Disclosing a disability to a professor can feel awkward and uncomfortable. The decision to do this is yours, of course, but there are several things you can do to make it more comfortable and productive. Face-to-face meetings with your instructors are an excellent way to educate instructors about disabilities and to help both of you feel at ease. You might even want to “rehearse” what you will say with the Learning Specialist or with a close friend.

Schedule your meeting as early in the semester as possible. This allows time to work out accommodations and helps your plan to be implemented as quickly as possible. You do not need to go into great detail about your disability, but you should tell your instructor about the impact it has on you as you study and do class work. Be willing to discuss what is difficult for you, but also talk about your learning strengths. Be willing to share some of the information from your documentation.

Rely on your past experiences as well. Talk with the professor about what works for you as a learner. For example, for students with auditory processing difficulties, accompanying verbal instructions with written ones (one the board perhaps) is very helpful. For students with visual processing difficulty, the use of simple fonts and sufficient white space on handouts and overheads is beneficial. Many times professors will have worked with students with issues similar to yours and will have additional ideas. Their input can be very valuable and they are the person most familiar with the demands of their course.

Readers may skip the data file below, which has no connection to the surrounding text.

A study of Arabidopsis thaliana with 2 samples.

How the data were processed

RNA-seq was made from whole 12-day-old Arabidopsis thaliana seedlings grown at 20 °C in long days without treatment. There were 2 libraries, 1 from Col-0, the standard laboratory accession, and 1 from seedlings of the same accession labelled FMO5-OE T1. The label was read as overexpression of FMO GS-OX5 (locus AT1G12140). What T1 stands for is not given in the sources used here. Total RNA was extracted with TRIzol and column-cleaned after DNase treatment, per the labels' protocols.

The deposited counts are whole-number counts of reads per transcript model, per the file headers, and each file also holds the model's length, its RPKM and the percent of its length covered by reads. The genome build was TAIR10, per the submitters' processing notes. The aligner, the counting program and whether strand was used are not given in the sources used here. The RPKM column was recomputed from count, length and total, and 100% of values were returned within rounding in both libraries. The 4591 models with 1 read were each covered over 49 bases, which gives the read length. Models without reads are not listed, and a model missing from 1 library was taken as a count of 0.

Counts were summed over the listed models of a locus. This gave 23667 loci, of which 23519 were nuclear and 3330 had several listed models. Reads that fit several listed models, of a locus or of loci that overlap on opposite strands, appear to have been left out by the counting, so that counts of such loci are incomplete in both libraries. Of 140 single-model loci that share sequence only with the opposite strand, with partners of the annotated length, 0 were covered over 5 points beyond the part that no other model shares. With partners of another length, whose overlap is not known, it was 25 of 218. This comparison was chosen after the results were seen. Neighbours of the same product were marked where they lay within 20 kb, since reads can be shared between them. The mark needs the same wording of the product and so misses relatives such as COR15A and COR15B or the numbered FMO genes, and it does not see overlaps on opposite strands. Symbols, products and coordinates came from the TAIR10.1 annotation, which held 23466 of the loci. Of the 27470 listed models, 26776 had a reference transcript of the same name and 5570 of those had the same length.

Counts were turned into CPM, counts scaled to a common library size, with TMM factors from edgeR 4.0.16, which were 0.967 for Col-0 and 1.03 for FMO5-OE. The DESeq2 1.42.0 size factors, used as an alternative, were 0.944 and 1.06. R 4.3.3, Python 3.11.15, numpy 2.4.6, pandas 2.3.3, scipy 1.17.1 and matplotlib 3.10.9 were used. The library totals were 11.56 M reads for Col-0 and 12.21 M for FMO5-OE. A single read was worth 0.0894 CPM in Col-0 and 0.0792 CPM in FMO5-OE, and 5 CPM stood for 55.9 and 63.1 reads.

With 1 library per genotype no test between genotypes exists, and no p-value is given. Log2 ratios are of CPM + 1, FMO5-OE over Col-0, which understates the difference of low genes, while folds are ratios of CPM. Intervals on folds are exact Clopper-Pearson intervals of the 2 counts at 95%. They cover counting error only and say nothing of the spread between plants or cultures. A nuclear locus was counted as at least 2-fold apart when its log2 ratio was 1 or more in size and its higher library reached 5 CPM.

Discuss how your work will be evaluated, to ensure that any needs in this area are addressed. Be clear about understanding grading criteria and the format of exams. Your plan can be amended at any time, but it is better to address needs as completely as possible the first time through. It is really all about communication.